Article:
AASHTO Journal

Minnesota DOT Highlights Efficiencies that Saved $83M in 2017

The Minnesota Department of Transportation said in a new report that it saved $83 million during 2017 through new and revised practices in its construction program and project development, and plowed those savings back into road projects.

"Minnesotans expect and deserve good government," said Gov. Mark Dayton. "Since 2015, MnDOT has saved $217 million and reinvested it back into road construction and maintenance projects across Minnesota. Building on this success, our administration will continue to make state government work even better for the people of Minnesota."

The DOT said the legislatively required annual review, titled "Major Highway Projects, Trunk Highway Fund Expenditures and Efficiencies Report," is one of MnDOT's most comprehensive reports. It identified efficiencies in projects funded through the state's road construction budget and in the administration, maintenance and operations of the transportation system.

mndot-inside.jpgCost reductions or efficiencies are then used to balance out the road construction program, MnDOT said, and may allow it to accelerate the schedule for some additional work.

"MnDOT consistently aims to be a good steward of public funds," said Transportation Commissioner Charles Zelle. "We've taken a more targeted approach to identify and quantify efficiencies, while looking for additional best practices and improvements."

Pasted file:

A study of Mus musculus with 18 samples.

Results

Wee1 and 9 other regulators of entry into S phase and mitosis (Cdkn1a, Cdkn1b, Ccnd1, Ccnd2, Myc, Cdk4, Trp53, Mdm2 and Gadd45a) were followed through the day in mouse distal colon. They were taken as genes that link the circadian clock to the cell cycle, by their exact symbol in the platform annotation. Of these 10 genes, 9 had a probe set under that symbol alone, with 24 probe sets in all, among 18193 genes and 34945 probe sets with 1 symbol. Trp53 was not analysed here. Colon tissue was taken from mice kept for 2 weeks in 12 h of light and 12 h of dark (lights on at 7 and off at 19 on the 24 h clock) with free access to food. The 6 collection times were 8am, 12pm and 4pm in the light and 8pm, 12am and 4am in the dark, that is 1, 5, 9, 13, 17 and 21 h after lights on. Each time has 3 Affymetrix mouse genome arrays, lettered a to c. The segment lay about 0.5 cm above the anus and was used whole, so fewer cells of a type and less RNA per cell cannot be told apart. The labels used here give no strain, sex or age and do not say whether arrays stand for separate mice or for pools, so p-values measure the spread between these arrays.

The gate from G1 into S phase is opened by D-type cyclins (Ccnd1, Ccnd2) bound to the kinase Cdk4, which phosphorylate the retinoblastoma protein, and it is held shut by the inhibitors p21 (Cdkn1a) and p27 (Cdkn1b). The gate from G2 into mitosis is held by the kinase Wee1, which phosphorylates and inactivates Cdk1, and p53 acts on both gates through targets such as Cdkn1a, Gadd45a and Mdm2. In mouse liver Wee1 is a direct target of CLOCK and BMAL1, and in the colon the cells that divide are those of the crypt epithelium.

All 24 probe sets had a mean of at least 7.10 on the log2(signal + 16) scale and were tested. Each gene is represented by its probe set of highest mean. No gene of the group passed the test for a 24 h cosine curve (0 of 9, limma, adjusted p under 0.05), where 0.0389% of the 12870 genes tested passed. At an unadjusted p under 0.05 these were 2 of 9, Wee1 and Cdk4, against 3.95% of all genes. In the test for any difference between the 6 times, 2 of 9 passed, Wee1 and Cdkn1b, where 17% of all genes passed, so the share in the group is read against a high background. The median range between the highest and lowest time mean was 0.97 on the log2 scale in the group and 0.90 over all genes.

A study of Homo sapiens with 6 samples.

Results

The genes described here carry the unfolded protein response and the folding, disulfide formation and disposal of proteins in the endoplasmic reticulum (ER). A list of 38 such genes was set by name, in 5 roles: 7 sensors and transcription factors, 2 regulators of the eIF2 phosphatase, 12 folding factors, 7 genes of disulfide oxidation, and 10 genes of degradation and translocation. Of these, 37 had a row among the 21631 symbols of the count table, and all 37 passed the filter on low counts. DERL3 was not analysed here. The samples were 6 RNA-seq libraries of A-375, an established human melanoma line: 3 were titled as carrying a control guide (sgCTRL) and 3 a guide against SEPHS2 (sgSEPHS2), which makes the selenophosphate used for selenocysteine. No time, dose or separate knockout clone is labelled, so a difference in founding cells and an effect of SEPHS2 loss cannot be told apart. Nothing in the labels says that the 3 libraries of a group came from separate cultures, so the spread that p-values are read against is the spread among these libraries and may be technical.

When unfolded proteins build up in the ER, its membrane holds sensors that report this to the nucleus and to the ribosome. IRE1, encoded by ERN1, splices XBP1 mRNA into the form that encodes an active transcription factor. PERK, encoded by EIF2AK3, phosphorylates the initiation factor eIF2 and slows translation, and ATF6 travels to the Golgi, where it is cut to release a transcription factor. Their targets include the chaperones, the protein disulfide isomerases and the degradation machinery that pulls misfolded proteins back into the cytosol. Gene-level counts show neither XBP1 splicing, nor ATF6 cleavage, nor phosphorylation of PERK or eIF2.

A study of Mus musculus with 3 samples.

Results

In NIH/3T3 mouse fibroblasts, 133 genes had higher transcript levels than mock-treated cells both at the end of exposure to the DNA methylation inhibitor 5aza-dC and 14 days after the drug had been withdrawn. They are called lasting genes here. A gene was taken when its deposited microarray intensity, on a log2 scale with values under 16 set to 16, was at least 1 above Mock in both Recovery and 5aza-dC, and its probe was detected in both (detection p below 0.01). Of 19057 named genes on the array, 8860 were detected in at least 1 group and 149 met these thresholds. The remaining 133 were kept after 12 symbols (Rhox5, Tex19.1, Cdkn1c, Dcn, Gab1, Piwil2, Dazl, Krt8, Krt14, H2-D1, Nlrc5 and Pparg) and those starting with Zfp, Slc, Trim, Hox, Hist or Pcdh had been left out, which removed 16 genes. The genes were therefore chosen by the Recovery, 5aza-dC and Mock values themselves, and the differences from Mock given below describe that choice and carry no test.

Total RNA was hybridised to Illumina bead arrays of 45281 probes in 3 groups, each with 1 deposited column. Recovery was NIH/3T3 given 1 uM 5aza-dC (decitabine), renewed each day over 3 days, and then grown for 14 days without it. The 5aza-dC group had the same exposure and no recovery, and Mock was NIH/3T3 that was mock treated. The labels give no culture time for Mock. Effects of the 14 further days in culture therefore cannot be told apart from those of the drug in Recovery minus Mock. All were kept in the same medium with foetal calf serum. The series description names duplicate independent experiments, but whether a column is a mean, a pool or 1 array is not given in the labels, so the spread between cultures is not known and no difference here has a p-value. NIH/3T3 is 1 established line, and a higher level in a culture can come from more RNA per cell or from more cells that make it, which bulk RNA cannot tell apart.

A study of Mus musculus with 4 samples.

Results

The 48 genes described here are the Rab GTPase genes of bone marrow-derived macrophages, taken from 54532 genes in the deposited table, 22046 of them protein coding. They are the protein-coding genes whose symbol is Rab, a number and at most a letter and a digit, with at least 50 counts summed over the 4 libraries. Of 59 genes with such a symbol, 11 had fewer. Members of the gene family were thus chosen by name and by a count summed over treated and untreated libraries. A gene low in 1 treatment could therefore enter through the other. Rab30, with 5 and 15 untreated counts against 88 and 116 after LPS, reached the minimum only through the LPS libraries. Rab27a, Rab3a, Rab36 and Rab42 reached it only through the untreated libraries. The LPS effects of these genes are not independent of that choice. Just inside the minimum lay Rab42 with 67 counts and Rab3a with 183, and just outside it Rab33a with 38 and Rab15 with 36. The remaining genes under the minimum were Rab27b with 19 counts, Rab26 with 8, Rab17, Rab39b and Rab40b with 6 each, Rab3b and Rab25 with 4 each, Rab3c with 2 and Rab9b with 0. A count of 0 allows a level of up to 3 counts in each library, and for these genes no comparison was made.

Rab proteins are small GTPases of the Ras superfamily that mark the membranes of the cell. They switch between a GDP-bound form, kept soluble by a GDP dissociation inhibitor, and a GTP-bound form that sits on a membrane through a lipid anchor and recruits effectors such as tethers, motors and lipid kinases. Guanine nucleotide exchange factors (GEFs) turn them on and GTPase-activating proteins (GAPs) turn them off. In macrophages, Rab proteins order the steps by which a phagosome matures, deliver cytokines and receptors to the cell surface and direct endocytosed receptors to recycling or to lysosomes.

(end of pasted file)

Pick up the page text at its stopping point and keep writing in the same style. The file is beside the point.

In the report the agency evaluated projects on how well road construction business process improvements were implemented.

"The biggest cost reduction for the state was more than $39 million from scrutinizing the use of funds and the effects on resources and communities," MnDOT said. "Eliminating nonessential project design elements lowered projects costs and improved return on investment."    

Another cost-reduction tactic called "value engineering" saved MnDOT $17.9 million last year. That process requires analyzing the design of a project with an eye to improving its function or reducing its cost while maintaining safety, quality and environmental attributes, the agency said.

It further reduced costs by evaluating specific procedures and strategies compared with their former approaches. "For example, the purchase of tow plows saved MnDOT $780,000 in 2017 and $680,000 in 2016," it said. "The tow plow purchases avoided the purchase of regular snowplows and allowed MnDOT to reinvest in other needed capital priorities."

Other efficiencies included the use of a "maintenance decision support system" – a technology that helps transportation agencies make better decisions about winter maintenance activities, such as how much salt to apply to roadways during snow events. That saved $6 million in 2017, MnDOT said.

By converting some roadway lighting to light-emitting diode technology, MnDOT said it reduced electricity costs by $2.6 million. And an agricultural tractor rental program saved $450,000 over the cost of buying and maintaining such machines.

Questions regarding this article may be directed to editor@aashtojournal.org.